State’s housebuilding crisis down to lack of listed builders - Cairn
Michael Stanley confirms Cairn interested in RTÉ’s €75m site in Donnybrook
RTÉ 8.6 acre site for development. Photograph: Cyril Byrne
The chief executive of Cairn Homes, the only Irish homebuilder to float on the stock market in the last two decades, has said the State’s housing-building crisis is mainly down to the continued lack of large stock market-listed developers.
“We can look at problems and we can say it’s land, we can say it’s build costs,” Michael Stanley told reporters after Cairn’s annual general meeting in Dublin on Wednesday. “But the main problem in my view [is that] we don’t have enough capitalised– equity-led, not debt-led – scaled housebuilders.”
The comments come after Cairn raised €51.9 million from a share sale this week to give it flexibility to continue to acquire residential development land, bringing to €722.5 million the amount of equity the group has raised since its initial public offering in June 2015. Mr Stanley confirmed that Cairn is interested in an 8.64 acre site broadcaster RTÉ’s Donnybrook campus in Dublin, which estate agent Savills is selling at a guide price of €75 million. He said that site could accommodate between 400 and 500 apartments and 10-15 houses.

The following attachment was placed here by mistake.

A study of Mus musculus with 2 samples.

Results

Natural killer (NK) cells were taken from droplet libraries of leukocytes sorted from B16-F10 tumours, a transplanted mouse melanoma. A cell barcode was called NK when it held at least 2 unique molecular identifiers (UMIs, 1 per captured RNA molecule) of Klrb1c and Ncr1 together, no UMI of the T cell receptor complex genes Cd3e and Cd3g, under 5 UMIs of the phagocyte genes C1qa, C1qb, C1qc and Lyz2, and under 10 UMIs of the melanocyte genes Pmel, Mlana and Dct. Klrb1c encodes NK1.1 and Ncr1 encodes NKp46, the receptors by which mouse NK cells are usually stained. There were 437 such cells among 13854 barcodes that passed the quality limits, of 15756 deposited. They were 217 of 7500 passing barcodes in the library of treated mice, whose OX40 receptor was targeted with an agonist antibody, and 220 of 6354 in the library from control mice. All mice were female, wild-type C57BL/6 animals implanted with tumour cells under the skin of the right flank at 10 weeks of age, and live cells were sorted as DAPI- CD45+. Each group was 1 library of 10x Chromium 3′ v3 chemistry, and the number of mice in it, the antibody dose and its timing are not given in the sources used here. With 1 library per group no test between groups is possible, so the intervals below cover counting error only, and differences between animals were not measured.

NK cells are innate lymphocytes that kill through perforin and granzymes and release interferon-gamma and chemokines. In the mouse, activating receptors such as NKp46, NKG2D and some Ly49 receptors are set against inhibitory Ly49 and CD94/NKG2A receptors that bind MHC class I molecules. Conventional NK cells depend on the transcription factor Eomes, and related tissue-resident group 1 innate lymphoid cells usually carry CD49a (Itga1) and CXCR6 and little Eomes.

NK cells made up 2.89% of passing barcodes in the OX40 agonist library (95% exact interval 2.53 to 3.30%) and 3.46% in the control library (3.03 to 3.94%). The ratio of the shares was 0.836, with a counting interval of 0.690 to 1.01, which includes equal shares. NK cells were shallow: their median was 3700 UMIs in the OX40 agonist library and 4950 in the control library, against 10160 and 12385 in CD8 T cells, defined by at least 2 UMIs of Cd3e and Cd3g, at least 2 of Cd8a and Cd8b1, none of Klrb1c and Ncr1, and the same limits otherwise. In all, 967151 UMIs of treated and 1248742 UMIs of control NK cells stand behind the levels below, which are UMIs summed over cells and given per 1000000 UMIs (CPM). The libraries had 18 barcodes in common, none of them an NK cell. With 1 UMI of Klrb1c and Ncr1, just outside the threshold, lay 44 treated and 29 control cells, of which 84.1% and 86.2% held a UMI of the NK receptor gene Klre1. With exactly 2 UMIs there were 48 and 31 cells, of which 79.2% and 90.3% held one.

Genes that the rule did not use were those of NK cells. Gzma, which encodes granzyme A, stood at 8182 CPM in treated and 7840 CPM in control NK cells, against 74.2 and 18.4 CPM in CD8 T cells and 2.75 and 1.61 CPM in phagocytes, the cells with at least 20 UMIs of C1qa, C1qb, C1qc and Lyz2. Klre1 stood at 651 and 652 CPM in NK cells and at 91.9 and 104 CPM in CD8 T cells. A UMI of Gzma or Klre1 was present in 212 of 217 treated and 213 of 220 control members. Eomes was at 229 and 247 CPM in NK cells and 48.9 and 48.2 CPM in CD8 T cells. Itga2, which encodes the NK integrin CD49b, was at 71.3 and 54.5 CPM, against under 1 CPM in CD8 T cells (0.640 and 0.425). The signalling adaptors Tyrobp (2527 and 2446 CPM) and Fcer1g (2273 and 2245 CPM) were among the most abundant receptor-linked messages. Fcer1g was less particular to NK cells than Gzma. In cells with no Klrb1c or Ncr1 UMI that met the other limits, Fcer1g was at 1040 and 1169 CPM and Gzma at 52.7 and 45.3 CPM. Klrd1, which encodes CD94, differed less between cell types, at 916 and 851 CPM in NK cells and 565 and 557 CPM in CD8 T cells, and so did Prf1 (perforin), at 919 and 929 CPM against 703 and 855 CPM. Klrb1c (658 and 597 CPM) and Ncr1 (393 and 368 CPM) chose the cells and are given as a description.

He said the RTÉ site is “by no means” Cairn’s only focus on the acquisitions front. Meanwhile, he told shareholders at the agm that the company plans to raise about €50 million by the end of next year by selling non-core sites, which typically have planning for 20-30 homes. Such developments are deemed by Cairn to be too small for its business model.
While a report published this week by international construction and project management consultancy Turner & Townsend said that Dublin construction costs are growing at an annual rate of 7-8 per cent, the second-fastest in Europe, Mr Stanley said that Cairn build costs haven’t grown significantly in recent years.
He said that much of the price inflation is down to major contractors, who are currently building about 600,000sq m of office space in Dublin, already having full order books when they go to price large-scale fixed-price residential developments. However, Cairn says it has a competitive advantage dealing directly with subcontractors.
“The scale of our developments and the opportunity and platform we give our subcontractors [enables them to] scale efficiently and allow their businesses to employ more full-time people,” said Mr Stanley. “And because we’re giving them longer contracts, in some cases up to two years, that gives them a very sustainable growth opportunity.”
Mr Stanley said Dublin’s low level of home building – with only 1,000 apartments under construction in the city centre, compared with office space for about 60,000 people – opportunities from UK-based firms seeking other EU locations as a result of Brexit could amount to a “missed opportunity for our city”.